Introduction: Soup Can Brazier

About: Less active, but always curious.

    First off, to avoid any confusion I took a lot of inspirtation for this project from Wobbler's Mini Camping Brazier. However, I didn't have a container like that one, so I made this project from a soup can.

  "brazier, braiser
   a portable metal receptacle for burning charcoal or coal, used for cooking, heating, etc.
   from the French brasier, from braise 'live coals'"

The final product is portable, can burn charcoal and wood, and the materials for this project are about as close to free as you can get, I hope you like it!

Step 1: Materials

 For this project, you'll need:

@ A Pocket Knife

@ 4 Machine Bolts or Screws, make sure that they have flat ends.

@ A Handful of Nuts, at least 4, more if you prefer.

@ A Nail, preferably the same width as your nails/bolts.

@ An Empty Soup Can (Or Larger, It's up to you.)

@ A Hammer

@ A Hacksaw (Optional, a Dremel would also work well, see step 4)

@ A Vice is very helpful, or some other gripping mechanism to hold the can steady.

Step 2: Preparation of the Can

 To Prepare the can, first take off the top, and ingest the contents. Allow for digestion to begin. Then, wash out the can and cut off the labels. (I kind of cheated at this, I got a can that had been sitting in my backyard for a while...) 
 Now comes the Hard Part. First, you need 8-10 holes in the side of the can, preferably about an inch above the bottom of the can. I clamped the can into the vice, then made four holes, two pairs of two across from each other, to form an "X". Then, I made four more holes, halfway in between the first ones. It isn't too important that they're all on the same level so much as it does that there are enough to allow ample amounts of air to come in.
  Now comes the Hard Part part 2. On the bottom of the can, make an "X" of four marks, equally distanced from each other. Then make four more marks, each one midway between two of the original four. On the bottom of many soup cans, there are 3 or so rings. I decided to make the air intake holes in between rings 1 and 2, and the leg holes in between rings 2 and 3. However, if I were to do this in the future, I would put the air intake holes inside ring one, to allow air to get to the center more than the sides, the sides are covered by the side holes. Additionally, for the leg holes, ring 3 was raised slightly above ring 2, making tightening the screw and getting it straight somewhat of a problem. I solved this by pushing the screw and nut into ring 3, making a dent and making things a bit easier.

Step 3: Adding Legs

  I decided to add legs for a couple reasons. First, they would allow more air to get under the can, secondly, they reduce the fire hazard by keeping the can off the ground and further away from flammable stuff like grass, and reduce the chances for scorch marks on the surface it's used on. "Leave No Trace"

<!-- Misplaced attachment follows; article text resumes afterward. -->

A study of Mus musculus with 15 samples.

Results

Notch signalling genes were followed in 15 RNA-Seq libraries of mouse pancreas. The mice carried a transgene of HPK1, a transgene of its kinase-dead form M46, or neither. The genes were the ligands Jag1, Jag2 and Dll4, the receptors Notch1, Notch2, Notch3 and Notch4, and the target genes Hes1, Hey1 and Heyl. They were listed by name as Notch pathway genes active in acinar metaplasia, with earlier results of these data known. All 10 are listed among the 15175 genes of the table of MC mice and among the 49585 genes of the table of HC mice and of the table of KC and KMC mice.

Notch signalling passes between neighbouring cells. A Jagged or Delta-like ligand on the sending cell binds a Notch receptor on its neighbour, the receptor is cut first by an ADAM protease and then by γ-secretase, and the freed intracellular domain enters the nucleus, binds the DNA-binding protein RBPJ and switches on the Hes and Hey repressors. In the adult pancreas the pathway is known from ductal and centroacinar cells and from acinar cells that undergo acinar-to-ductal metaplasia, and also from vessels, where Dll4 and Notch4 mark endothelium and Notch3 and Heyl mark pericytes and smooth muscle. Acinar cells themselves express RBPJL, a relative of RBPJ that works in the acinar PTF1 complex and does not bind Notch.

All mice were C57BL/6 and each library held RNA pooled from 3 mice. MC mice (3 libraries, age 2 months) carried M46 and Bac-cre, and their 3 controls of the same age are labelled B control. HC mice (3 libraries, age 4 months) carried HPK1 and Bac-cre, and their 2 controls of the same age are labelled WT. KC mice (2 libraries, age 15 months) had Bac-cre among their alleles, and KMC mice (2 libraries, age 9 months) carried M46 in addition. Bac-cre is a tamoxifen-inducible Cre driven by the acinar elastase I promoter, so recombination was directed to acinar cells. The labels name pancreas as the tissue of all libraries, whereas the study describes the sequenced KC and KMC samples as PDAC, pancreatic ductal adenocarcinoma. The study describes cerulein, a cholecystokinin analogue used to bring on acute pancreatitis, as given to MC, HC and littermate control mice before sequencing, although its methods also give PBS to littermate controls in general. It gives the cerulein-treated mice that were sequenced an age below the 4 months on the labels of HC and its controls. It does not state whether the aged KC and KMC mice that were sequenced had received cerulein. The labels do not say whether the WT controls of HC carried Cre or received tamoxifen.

For this section, I found it easier to put the screws through the holes on the bottom by using a pair of needle-nose pliers, they also made tightening the nuts easier.
  To begin, you'll need to put a screw through the holes on the bottom. If you made holes in between two different rings, I would suggest putting the screws through the outer set, to add some extra stability. Then, put a nut on the bottom of the screw, and tighten it as much as you can, so it is against the bottom of the can. Repeat this three more times.

 Funny thing about this. I added the legs, and then only after adding them did I realize that Wobbler used the exact same leg idea. Go figure...

Step 4: Access Door (Optional)

    This step is purely optional, and it's basically just cutting an access door in the side of the can. It makes loading in tinder easier, as well as lighting the fire. Again, there is a but. It is pretty flimsy, and begins to come off after too much opening and closing. It could in theory be reinforced with some foil tape, or cut in a different direction. (Easier to do with a dremel, not so much with a hacksaw.) Mine broke off after enough use, but it's not that bad, and it makes loading tinder easier. But, again, it's up to you.

    If you choose to do this read on,
    My door was about an inch and a half high, and 2 wide, and it seemed to work well. I made the "hinge" one of the vertical sides, just because it was easier to saw it that way. On the can are ridges and "valleys" or the spaces in between them. I started hacksawing in a valley about 1/3 of the way up the can, and used the curvature of the can to make it easier to cut the slit. I went about 8 ridges up and cut another slit, making sure that it was the same length as the other. The vertical slit was difficult, It wouldn't be so much so if I had a dremel... :( I don't really know how I did it, but I put a notch at the end of one of the slits, possibly by shoving a screwdriver there, or by trying unsuccessfully to use a key saw initially. However, after I got that, I just got a pair of scissors and cut up, which worked surprisingly well. From there I just pried it up and bent it back one or two times to get a good crease.

Step 5: Closing Remarks

  I tested this out, and was sure that I had some pictures of some twigs burning merrily in it, but when I checked my camera, there was nothing! I will try to get some pictures of it in use, but until then, oh well.

  Yet again, this project was done with all due respect to Wobbler's original Brazier. I just used different materials, and what I had on hand. Thanks!